Diana Abu-Jaber


"Origin"

(Reviewed by Eleanor Bukowsky NOV 10, 2007)

In Diana Abu-Jaber's Origin, Lena Dawson is the first person narrator. For eleven years, she has been a fingerprint examiner and technician in the Wardell Center for Forensic Sciences in upstate New York. Although she has no college degree, Lena is intelligent, highly intuitive, and extremely skilled at her job. Six years earlier, she was the one who solved the bewildering case of a young boy who was found murdered in his bed. Although her boss offered her a promotion, she turned it down, because she wanted to avoid "gloomy work at crime scenes, hands-on investigation with obsessive-compulsive detectives, [and] mind-numbing hours of testimony in court." She insists, "I basically like to be left alone."

Lena, who is in her early thirties, was raised by foster parents. No one knows the identity of her birth mother and father. For years, she has had vivid dreams of being raised in the wild by gorillas and then being rescued and returned to civilization, but there is no evidence to back up these fantasies. Outside of her work in the lab, Lena lives a solitary existence. She is amicably separated from her unfaithful husband, a cop named Charlie, and she lives a humdrum life in a run-down apartment with sporadic heat and hot water.

Everything changes when a series of crib deaths raises red flags in the lab. One of the babies, Matthew Cogan, was from a wealthy and influential family. Erin, Matthew's mother, insists that her child was murdered by an unknown assailant and she demands that the police work harder to catch the perpetrator. Since the detectives find nothing to support Mrs. Cogan's assertions, the authorities dismiss her as an irrational woman overwhelmed by grief. However, when Lena visits the Cogan home, she senses that something sinister is going on; equally horrifying, she has the strong impression that the Cogan case is somehow connected to her shadowy childhood. She decides that, for her own peace of mind, she must pursue the investigation to its conclusion. Lena is a person of great courage and integrity who is willing to risk her reputation and even her life to find a killer.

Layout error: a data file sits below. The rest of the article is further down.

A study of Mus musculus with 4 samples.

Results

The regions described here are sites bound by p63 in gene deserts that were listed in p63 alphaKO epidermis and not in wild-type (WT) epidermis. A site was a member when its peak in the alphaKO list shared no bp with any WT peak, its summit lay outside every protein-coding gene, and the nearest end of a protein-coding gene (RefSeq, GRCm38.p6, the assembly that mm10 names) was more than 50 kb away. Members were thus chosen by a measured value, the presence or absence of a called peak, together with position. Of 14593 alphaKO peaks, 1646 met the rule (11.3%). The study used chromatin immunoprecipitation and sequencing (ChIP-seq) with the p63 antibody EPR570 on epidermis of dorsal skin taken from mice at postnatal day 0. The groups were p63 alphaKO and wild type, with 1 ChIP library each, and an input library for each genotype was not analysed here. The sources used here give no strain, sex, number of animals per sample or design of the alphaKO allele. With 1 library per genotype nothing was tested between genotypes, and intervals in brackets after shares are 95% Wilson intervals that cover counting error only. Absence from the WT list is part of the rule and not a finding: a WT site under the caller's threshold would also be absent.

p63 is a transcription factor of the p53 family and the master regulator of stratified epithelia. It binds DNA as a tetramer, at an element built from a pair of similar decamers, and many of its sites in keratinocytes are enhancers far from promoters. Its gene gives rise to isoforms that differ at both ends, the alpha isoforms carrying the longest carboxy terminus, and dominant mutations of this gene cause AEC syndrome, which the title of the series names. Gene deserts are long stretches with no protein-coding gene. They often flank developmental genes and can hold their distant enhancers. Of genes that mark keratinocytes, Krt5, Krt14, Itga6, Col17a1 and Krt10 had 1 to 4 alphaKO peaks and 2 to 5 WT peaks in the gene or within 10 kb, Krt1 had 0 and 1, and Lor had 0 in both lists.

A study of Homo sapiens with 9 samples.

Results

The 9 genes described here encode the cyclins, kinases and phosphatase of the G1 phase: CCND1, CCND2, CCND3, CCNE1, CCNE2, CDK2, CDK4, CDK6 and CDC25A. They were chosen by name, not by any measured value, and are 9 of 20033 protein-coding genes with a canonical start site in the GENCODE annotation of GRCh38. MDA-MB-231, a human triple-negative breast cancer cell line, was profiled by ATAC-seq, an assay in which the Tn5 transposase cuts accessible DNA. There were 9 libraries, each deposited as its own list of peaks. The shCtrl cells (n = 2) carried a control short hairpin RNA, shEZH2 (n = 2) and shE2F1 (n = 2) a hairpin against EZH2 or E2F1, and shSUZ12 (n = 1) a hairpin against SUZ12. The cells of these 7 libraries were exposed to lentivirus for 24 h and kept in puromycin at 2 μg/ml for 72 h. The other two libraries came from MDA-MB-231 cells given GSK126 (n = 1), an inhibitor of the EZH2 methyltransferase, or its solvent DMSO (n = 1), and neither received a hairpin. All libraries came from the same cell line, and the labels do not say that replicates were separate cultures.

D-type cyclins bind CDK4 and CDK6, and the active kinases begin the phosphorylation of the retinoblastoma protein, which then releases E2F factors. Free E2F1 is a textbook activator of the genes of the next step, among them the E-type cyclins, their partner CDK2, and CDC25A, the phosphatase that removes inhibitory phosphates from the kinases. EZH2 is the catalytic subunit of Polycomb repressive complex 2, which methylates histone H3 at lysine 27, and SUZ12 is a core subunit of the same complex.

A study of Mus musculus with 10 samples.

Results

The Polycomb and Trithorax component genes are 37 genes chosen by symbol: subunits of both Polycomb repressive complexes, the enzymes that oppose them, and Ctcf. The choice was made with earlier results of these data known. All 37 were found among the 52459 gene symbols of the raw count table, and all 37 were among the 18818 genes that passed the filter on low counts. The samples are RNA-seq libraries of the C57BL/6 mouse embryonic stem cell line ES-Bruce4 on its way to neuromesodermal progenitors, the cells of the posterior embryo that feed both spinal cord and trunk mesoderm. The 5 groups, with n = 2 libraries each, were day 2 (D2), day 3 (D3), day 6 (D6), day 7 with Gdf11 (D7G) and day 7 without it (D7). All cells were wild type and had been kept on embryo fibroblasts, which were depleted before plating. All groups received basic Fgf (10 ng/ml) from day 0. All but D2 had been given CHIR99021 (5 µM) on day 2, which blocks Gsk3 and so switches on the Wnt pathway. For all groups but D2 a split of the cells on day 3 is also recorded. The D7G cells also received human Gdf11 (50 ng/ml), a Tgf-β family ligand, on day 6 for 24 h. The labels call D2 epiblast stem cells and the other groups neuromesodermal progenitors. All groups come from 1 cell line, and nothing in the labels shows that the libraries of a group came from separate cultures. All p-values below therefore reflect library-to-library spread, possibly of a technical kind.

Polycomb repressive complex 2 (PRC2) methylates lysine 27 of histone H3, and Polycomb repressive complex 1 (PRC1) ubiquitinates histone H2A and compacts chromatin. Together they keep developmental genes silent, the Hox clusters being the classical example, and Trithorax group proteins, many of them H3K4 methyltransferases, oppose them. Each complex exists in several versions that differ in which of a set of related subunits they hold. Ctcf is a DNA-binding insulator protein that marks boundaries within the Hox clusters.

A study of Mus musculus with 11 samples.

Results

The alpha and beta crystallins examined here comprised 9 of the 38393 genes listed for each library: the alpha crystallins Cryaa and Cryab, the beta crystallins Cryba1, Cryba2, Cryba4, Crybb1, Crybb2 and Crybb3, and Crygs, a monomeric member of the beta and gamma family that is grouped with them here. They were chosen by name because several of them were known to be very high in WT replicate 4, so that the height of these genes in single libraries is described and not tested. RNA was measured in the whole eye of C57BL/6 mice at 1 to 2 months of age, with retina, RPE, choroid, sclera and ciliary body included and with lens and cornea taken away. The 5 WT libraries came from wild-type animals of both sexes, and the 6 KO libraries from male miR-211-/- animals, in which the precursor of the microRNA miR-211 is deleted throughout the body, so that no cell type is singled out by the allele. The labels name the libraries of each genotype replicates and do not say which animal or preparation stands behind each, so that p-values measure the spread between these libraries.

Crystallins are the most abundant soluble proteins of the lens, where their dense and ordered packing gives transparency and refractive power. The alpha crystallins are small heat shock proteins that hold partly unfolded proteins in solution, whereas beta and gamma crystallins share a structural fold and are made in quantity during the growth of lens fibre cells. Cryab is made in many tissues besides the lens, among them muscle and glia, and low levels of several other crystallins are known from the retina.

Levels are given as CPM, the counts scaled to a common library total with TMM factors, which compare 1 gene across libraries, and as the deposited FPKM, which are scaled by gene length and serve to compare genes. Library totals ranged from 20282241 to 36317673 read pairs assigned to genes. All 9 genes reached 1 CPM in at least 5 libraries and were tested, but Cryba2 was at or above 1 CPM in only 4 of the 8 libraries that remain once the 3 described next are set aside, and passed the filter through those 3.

Origin is a beautifully written and evocative novel with an unforgettable heroine. Lena Dawson is a sensitive and emotionally damaged woman who does not trust easily. When a new man enters her life, a gentle and caring detective named Keller Duseky, Lena is at first reluctant to reciprocate his affection. Fortunately, Keller is a patient individual who is willing to give Lena the space and time that she needs.

Abu-Jaber sets her novel in economically depressed Syracuse, New York, during a bitterly cold winter. The inhabitants must endure stinging winds and blinding snow that continues for days without any signs of abating. This forbidding climate exacerbates Lena's loneliness. It is also the perfect backdrop for a narrative populated with twisted and malevolent individuals who lie, scheme, cheat, and commit murder. The intricate plot is lucidly and carefully constructed; the impeccable pacing and skillful foreshadowing impel the reader to keep reading while the suspense inexorably builds. The ending is a stunner with jolting twists and turns that shed new light on everything that has gone before. Origin is a fascinating exploration of these and other intriguing questions: Are we the product of biology, nurture or both? What is the connection between memory and reality? How does our physical environment affect our emotions and behavior? Diana Abu-Jaber has written a thought-provoking and compelling murder mystery, a mesmerizing psychological thriller, and a satisfying and poignant romance. Origin is one of my favorite books so far this year.

  • Amazon readers rating: from 45 reviews



Diana Abu-JaberDiana Abu-Jaber ws born in upstate New York and lived there until her family moved to Amman, Jordan when she was seven-years-old. Her father is Jordanian and her mother is American, and she has lived between America and Jordan ever since.

She received her doctorate in English literature from the State University of New York. She has taught literature and creative writing at the University of Michigan, the University of Oregon, and UCLA.

Her first novel, Arabian Jazz won the Oregon Book Award and was a finalist for the national PEN/Hemingway award. Crescent won the Pen Center Award

She currently teaches at Portland State University and divides her time between Portland, Oregon and Miami, Florida.